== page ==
Sunday, March 14, 2010

Puerto Rican Island Dogs

Don't mean to rain on your parade - As I've been reading what seems to be somewhat of an idillic existance between dogs, well I don't see dogs suffering from fight injuries as pleasant and that's life, and dogs and humans this has been in the back of my mind. This just came up on the horse lists with a load of horrible experiences being posted by people on horseback.. Interesting that this doesn't raise it's ugly head in PR. I know dogs do this for fun.

Thanks to my good friend, Cheryl for the feedback. The focus of my writing is about the complex society dogs in this area have; idyllic it's not.
No one knows how many satos/feral dogs are running on the island. I believe it is estimated 2,500,000 plus. This place is no larger than Rhode Island. Many of these dogs, like Bonita are born to moms in nature without the benefit of loving humans. Living in fear of and in the shadow of man is that a curse or will they adapt, what is their quality of life?
Bonita was close to a long slow death, when we arrived. Her own mother would attack her severely whenever she would attempt to eat.
Fear, aggression or the threat of aggression is corner stone of canine society. At night when the interlopers come; there are horrible fights. When I first arrived Kirt would pull me back when I wanted to run out to break it up.
Injured, diseased and dying; it's all here every day of the week alongside the beauty and wonder. There are plenty of blogs about the poor island dogs, how they suffer.
These dogs do not get vet care unless they are blessed by the presence of one of Puerto Rico’s wonderful dog saviors. I will be posting on the humans behind these organizations soon.
I write about how they live, the good Samaritans who feed them, our struggles to keep them from itching.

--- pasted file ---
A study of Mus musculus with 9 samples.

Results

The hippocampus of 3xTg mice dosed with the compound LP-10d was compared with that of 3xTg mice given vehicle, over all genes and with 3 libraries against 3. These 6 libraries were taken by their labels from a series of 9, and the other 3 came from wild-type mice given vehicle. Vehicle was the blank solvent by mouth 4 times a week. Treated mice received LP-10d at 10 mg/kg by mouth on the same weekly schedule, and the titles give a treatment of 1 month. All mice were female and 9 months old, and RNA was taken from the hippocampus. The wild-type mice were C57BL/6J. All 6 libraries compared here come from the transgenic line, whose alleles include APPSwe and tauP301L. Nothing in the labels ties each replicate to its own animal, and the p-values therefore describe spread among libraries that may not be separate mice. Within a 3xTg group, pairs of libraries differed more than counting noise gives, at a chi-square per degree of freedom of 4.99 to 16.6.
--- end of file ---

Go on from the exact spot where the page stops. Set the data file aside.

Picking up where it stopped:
We have had no water here this whole trip. Aceductos, the water company can’t seem to connect the pipes without a leak. They deliver water in tankers to our roof top reservoir; that’s idyllic.

As far as chasing horses goes, let me say that my limited experience here leads me to believe that any dog that chased horses around here would only do it the once. Boys too young or too poor for cars get around on horseback. This is very big here with issues; surprise. These boys carry big long whips and they know how to use them. Preguntas??
In January I spent a long week in class 8:30 - 5 pm because the situation is deplorable. This was the first graduating class of certified Animal Control Officers on the island ever! The last group of ACO'S were throwing animals off a bridge to get rid of them.
I DO NOT want a situation in which to control the numbers healthy dogs are picked up and killed. They have a life.
Good days or bad days these dogs go about their lives. I find what they do interesting. In the mean while there are many cool dogs on this island to meet and feed.
Thanks for the question! I had no idea that the suffering part wasn't coming across.

1 comment:

  1. "Fear, aggression or the threat of aggression is corner stone of canine society. At night when the interlopers come; there are horrible fights."

    Is aggression really a corner stone? Is aggression normal or abnormal behavior? What is the definition of "canine aggression"? Is it unprovoked attack, defense of ones resources, protection of young, defense of ones own body? Is aggression the same thing done out of fear verses other things? Is there normal aggression and abnormal aggression? The word aggression to me leaves so much to be desired because I think the definition is way too big. Aggressive behaviors can be as different as a human serial killer (abnormal right?) and a human defending themselves from an attack (normal response right?) I really have a problem with the word aggressive. Too many dogs are labeled with this word with all of it's negative stigma in tow. We try to rectify this in behavioral medicine by labeling the aggression... fear aggression, dominance aggression, territorial aggression, dog aggression, ect. Most dog's "aggressive" behaviors tend to be a product of environment (my own opinion). Some dogs seem to have more "aggressive" tendencies from the beginning. But is that really so? Or are they a product of their environment in their early life. Competition for food among a litter of puppies is thought to increase resource guarding behaviors. Puppies raised as "singletons" have less bite inhibition and other control problems if not socialized with other puppies. What they learn in the first weeks of life is amazing to me. This subject is so big. I have so many questions. It seems the more I read the more questions I have.